Thursday, July 05, 2007

Really Bad Business Advice

After the last post (Falling in Love Again -- With Your Business), I got to thinking about energy and success.

Make a quick list: What gives you energy?

It's different for everyone. It might be activity, money, being around fun people, being the center of attention, doing good work, working for others, contributing. It could be almost anything.

Now let's make a slightly narrower list: What sucks your energy at work?

Again, it could be anything. In fact, it could be stuff that gives energy to someone else.

So, now you've got two lists:
1) Things that give you energy (not limited to work)
2) Things that take away your energy at work.

Now think. What's the worst business advice you could give someone about these two lists?

Really Bad Business Advice

I think the worst business advice anyone could give is to spend your time working on things that take away your energy. Why?

First, you are going to be least productive in the activities you enjoy the least.

Second, you are going to be most productive in the activities you enjoy the most.

Third, you are going to have a bad attitude about those un-enjoyable activities. You'll put them off and not do a very good job.

Fourth, someone else will almost certainly do a better job than you at the activities you don't like.

Fifth, when activities steal away your energy, that energy is gone -- even for activities you do enjoy.

Sixth, your greatest potential for growth is in the things you already do well. Strange as that sounds, it's where you've already taught yourself how to teach yourself the fastest. The more you do the stuff you're already good at, the faster you'll get to the next level.


Who hands out this advice to focus on the things we don't like?

Oddly enough, we hear it from well-intentioned people who are trying to help us. They say we need to be "well-rounded" and work on our weaknesses.

Here's a secret for you: You will be unhappy, unproductive, and unprofitable if you spend your time working on things you don't like to do. But more importantly: If you want to super-charge your own business, your productivity, and your profits, focus on the things you love.

Talk to people who are successful in their businesses -- including your own clients. Ask them whether they spend a lot of time on the chores they hate or the activities they love. Overwhelmingly you'll find that most successful people spend most of their time on the things they already do well.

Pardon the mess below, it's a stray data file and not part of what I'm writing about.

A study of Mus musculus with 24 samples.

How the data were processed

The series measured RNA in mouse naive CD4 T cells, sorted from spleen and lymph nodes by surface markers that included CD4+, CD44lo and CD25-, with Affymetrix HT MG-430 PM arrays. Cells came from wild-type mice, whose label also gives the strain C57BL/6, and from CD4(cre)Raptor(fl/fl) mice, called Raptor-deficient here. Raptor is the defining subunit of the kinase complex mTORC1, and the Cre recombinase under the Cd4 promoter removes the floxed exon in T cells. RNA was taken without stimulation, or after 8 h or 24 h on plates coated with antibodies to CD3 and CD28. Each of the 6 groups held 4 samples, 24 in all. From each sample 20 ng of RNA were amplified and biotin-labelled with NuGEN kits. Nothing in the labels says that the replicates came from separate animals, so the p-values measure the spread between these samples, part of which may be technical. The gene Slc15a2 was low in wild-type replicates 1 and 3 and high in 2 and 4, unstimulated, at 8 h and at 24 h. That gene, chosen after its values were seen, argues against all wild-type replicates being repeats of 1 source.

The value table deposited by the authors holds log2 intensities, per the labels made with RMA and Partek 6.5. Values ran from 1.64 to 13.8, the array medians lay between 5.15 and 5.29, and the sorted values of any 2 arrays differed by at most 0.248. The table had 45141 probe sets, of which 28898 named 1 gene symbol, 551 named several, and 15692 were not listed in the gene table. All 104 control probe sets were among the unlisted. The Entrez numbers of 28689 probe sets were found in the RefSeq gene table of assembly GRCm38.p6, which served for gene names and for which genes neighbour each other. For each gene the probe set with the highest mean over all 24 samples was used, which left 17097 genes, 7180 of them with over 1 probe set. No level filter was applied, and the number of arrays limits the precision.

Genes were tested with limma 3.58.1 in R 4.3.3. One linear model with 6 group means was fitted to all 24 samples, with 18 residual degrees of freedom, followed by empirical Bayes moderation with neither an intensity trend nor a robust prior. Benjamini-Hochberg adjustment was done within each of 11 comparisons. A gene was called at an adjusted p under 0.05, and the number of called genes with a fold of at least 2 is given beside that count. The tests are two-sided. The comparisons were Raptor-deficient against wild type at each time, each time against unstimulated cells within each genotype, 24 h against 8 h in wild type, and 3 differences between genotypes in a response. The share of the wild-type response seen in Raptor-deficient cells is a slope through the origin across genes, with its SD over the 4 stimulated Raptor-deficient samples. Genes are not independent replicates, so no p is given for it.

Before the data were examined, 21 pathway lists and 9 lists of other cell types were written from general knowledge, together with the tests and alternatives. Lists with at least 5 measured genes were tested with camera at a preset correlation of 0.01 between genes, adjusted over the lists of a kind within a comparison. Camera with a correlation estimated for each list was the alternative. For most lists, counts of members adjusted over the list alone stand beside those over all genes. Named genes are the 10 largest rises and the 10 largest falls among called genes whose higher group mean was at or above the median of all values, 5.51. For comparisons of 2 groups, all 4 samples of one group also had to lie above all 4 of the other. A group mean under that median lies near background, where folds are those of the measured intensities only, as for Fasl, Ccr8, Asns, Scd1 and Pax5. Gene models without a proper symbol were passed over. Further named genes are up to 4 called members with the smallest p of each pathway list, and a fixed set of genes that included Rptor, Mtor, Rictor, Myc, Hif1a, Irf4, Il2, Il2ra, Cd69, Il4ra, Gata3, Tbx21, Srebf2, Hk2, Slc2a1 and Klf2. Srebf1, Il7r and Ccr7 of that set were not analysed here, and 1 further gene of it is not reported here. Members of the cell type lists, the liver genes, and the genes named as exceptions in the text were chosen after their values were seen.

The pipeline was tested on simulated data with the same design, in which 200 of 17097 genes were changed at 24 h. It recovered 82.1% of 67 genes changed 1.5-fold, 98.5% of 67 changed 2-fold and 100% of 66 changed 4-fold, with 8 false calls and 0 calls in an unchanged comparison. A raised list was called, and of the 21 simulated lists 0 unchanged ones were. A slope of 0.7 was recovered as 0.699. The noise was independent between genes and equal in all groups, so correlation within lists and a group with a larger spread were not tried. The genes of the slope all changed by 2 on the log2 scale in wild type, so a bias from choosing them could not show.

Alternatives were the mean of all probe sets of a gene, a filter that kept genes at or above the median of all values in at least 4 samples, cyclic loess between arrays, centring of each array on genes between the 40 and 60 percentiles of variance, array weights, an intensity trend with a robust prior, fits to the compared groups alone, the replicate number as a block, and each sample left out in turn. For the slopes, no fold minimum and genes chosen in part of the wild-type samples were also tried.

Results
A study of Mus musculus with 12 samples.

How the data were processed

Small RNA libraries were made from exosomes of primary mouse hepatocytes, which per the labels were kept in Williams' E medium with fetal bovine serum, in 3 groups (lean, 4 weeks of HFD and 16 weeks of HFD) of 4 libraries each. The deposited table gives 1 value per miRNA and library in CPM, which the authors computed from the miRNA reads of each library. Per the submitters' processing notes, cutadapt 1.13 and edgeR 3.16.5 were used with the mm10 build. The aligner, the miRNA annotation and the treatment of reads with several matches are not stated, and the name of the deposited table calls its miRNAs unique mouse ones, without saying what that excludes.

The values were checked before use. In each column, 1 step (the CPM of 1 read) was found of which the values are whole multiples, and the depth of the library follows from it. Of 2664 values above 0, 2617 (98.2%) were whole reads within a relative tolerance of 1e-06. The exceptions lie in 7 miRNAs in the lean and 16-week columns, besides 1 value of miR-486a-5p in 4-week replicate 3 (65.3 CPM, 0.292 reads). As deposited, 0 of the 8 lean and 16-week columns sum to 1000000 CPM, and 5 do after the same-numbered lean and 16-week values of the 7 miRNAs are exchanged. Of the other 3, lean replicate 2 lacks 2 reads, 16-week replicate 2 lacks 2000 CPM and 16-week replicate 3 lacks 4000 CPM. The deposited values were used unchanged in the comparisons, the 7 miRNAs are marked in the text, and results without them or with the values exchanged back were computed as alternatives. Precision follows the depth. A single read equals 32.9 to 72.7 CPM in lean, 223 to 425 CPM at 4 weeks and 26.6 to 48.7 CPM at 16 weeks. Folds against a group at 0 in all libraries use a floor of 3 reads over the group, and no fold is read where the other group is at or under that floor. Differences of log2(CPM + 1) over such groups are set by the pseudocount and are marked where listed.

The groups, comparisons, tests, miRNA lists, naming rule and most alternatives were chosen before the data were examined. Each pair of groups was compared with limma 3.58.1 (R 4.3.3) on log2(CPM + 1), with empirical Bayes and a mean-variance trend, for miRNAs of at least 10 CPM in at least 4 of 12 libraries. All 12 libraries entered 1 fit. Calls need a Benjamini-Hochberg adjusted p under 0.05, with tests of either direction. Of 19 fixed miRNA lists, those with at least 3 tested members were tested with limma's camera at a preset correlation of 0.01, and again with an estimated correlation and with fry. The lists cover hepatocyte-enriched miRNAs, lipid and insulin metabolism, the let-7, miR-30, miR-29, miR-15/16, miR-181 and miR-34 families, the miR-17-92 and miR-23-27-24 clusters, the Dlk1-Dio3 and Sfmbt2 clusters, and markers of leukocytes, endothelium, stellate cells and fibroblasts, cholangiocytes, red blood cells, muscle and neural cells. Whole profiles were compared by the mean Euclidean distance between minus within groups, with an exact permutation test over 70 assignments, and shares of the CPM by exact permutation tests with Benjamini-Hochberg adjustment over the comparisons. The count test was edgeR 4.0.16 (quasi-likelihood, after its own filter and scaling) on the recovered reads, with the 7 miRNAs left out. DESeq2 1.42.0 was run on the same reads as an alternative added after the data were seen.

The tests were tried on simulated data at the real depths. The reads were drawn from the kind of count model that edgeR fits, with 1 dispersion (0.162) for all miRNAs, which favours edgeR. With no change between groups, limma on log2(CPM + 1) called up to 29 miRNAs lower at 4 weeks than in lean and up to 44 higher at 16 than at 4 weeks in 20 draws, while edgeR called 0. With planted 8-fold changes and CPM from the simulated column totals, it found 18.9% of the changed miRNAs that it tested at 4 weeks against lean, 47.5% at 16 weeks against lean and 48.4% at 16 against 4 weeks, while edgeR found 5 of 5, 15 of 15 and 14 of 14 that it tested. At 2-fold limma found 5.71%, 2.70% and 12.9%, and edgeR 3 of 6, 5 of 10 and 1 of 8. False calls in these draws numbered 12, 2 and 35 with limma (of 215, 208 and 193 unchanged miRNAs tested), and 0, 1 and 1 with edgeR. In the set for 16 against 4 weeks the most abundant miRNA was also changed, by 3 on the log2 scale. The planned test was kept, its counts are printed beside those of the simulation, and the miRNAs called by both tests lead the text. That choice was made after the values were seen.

Yes, you still have to do your taxes. But if you hate it, or aren't good at it, hire a CPA! They love doing taxes.


Notice that we made two lists: Things that steal your energy at work and things that give you energy (not limited to work). The first is focused on work because it gives you a very clear sense of what you need to do less of. Start figuring out how you're going to do that.

The second one is not limited to work because it's always a good idea to consider how you can use your talents and hobbies in your job. If there's something you really enjoy doing, is there a way to do some of that at work? Maybe you like to paint or write, to play music or work with graphics, to sing or collect baseball cards. How can you combine these interests and talents into your job?

Whenever I hear anyone complain that they don't like their job, it is very difficult to resist the temptation to give the following advice: Get a different job or change the job you have. The same is true with business. You don't like your business? Turn it into a different business -- one you do like.

I know there are a lot of menial, horrible jobs that someone has to do. But I'm only talking to one person at a time. And I'll tell you this: YOU don't have to do those jobs. You deserve a job and a business you enjoy. Find it or make it. The choice is yours.